Multifractal analysis of hemodynamic behavior: intraoperative instability and its pharmacological manipulation.




Physiologic instability is a common clinical problem in the critically ill. Many natural feedback systems are nonlinear, and seemingly random fluctuations may result from the amplification of external perturbations or even arise de novo as a consequence of their underlying dynamics. Characterization of the underlying nonlinear state may be of clinical importance, providing a technique to monitor complex physiology in real-time, guiding patient care and improving outcomes.


We employ the wavelet modulus maxima technique to characterize the multifractal properties of heart rate and mean arterial pressure physiology retrospectively for four patients during open abdominal aortic aneurysm repair. We calculated point-estimates for the dominant Hölder exponent (hm, hm) and multifractal spectrum width-at-half-height for both heart rate and mean arterial pressure signals. We investigated how these parameters changed with the administration of an intravenous vasoconstrictor and examined how this varied with atropine pretreatment.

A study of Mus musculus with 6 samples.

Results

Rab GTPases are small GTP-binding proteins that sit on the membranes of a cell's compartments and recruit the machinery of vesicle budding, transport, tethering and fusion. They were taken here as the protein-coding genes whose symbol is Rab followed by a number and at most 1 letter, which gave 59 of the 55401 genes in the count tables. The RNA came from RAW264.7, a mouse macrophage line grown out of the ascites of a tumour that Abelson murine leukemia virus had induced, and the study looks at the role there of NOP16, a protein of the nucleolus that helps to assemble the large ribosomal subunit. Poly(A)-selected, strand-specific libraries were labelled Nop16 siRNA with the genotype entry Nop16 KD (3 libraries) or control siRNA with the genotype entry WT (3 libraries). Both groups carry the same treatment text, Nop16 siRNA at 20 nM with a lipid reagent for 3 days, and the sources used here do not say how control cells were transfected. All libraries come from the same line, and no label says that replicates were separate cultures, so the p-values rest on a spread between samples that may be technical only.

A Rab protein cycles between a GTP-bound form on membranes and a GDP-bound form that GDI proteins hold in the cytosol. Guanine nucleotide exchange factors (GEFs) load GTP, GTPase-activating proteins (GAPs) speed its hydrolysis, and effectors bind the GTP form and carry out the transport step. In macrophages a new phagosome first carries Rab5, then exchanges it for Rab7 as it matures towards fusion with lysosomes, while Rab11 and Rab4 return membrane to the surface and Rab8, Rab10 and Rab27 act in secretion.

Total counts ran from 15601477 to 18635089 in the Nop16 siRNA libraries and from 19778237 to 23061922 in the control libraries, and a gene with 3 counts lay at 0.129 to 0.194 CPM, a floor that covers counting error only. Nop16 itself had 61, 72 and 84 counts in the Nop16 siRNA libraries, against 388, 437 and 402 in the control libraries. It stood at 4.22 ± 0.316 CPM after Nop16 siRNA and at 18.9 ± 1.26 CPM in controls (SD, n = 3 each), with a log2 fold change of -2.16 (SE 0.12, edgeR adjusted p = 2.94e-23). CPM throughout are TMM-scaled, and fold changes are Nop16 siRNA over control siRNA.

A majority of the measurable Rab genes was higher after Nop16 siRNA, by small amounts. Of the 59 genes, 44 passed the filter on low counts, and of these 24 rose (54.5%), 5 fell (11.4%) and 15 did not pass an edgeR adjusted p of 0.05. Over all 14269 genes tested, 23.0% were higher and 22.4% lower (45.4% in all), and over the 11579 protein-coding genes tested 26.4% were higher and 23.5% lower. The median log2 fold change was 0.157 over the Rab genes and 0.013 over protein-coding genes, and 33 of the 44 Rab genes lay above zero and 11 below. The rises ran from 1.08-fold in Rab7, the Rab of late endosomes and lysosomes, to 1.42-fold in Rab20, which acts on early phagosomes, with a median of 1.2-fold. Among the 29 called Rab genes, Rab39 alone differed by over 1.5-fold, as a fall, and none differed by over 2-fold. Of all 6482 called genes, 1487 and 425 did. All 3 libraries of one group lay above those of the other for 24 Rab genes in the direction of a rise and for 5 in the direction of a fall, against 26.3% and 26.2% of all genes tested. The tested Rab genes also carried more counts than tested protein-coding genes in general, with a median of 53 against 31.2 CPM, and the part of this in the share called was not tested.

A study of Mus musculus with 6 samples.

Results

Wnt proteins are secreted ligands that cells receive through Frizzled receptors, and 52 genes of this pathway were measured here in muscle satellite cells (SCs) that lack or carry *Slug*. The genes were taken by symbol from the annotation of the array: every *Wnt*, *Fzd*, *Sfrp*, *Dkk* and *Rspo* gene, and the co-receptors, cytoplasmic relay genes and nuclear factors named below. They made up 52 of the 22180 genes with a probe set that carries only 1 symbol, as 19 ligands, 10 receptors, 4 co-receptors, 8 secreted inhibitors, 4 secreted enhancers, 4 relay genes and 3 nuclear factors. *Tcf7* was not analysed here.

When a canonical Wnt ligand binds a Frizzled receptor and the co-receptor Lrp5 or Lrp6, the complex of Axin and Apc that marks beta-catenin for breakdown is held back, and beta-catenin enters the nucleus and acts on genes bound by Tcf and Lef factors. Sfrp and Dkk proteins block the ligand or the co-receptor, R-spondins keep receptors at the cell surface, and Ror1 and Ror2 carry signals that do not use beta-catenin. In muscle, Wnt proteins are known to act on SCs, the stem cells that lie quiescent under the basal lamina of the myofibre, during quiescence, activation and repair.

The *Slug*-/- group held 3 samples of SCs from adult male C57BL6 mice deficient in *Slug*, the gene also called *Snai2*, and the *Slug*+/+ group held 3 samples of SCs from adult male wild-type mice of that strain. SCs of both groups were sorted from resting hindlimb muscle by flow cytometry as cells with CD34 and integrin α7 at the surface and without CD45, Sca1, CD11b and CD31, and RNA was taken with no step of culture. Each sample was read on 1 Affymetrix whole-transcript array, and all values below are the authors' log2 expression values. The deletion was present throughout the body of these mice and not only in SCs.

Hypotensive patients showed lower values of hm, consistent with a more highly fluctuating and complex behavior. Treatment with a vasoconstrictor led to a transient increase in hm, revealing the appearance of longer-range correlations, but did not impact hm. On the other hand, prior treatment with atropine had no effect on hm behavior but did tend to increase hm.


Hypotension leads to a reduction in dominant Hölder exponents for mean arterial pressure, demonstrating an increasing signal complexity consistent with the activation of important homeokinetic processes. Conversely, pharmacological interventions may also alter the underlying dynamics. Pharmacological restoration of homeostasis leads to system decomplexification, suggesting that homeokinetic mechanisms are derecruited as homeostasis is restored.